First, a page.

One of the major reasons householders are resistant to installing solar panels in their homes is our notoriously changeable climate. After all, if you live in a country where the sun can't even be relied upon to put in an appearance during the spring and summer months, what is the point in relying on renewable energy from the sun to cut down on fuel costs?
However, solar panels still work even on the cloudiest day, as a considerable amount of ultraviolet light will still get through. The efficiency may drop to as little as 10 - 25%, but if you stop to think of the times you've sat outdoors on a cloudy summer day and still got a light sunburn, you'll realise that there is still solar energy to be stored up, even on dull days.
Any energy savings will be calculated over the course of the year, not just on sunny days. Even if you live somewhere not necessarily celebrated for long, hot summers, it's more than likely that installing solar panels will still make sense for you in terms of energy savings.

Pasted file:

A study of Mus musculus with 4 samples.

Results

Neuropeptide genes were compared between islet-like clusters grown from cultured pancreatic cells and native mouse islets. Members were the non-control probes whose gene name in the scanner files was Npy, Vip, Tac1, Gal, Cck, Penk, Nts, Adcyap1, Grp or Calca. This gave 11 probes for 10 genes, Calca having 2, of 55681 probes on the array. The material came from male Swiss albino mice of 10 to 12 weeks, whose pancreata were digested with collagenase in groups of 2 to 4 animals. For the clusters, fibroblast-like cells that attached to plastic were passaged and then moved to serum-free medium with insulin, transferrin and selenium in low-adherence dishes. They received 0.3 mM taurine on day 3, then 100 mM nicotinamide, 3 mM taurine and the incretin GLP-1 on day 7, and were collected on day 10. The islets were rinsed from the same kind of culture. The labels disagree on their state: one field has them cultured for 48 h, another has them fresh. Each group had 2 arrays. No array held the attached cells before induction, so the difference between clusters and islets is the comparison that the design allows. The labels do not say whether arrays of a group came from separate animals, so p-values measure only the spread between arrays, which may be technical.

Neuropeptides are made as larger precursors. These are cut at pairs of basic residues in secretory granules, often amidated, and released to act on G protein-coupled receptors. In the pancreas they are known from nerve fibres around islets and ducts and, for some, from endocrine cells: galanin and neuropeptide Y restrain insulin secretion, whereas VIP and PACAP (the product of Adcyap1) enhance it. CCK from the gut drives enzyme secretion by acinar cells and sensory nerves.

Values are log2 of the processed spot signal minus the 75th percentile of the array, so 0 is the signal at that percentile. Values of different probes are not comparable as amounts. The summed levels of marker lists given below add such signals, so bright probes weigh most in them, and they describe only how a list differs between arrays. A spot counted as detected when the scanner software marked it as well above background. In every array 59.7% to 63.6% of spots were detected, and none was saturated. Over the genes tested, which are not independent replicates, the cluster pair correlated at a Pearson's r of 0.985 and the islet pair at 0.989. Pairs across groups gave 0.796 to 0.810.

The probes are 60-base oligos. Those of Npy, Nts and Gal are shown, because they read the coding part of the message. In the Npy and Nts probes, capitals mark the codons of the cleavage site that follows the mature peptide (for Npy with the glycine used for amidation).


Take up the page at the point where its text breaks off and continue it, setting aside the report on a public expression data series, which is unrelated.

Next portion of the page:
If you're not already convinced - especially if you happen to be reading this whilst looking out of the window at a grey sky - then consider the interesting phenomenon of the Edge of Cloud Effect. This occurs on those all too frequent cloudy sun days - the edge of the cloud has a magnifying effect on the sun, and gives a considerable boost to your power reserves. For temperate climates where cloudy sun days are common even in autumn and winter months, this can be persuasive in giving consumers the information they need to realise that solar panels on their homes are a cost effective and energy efficient idea.
Not all homes are ideally suited to solar panels, so it's always worth getting an expert's advice, and doing your own research first - things you may wish to consider are whether you will be having your roof replaced over the next few years, or whether your roof is ideally placed to pick up maximum sunlight.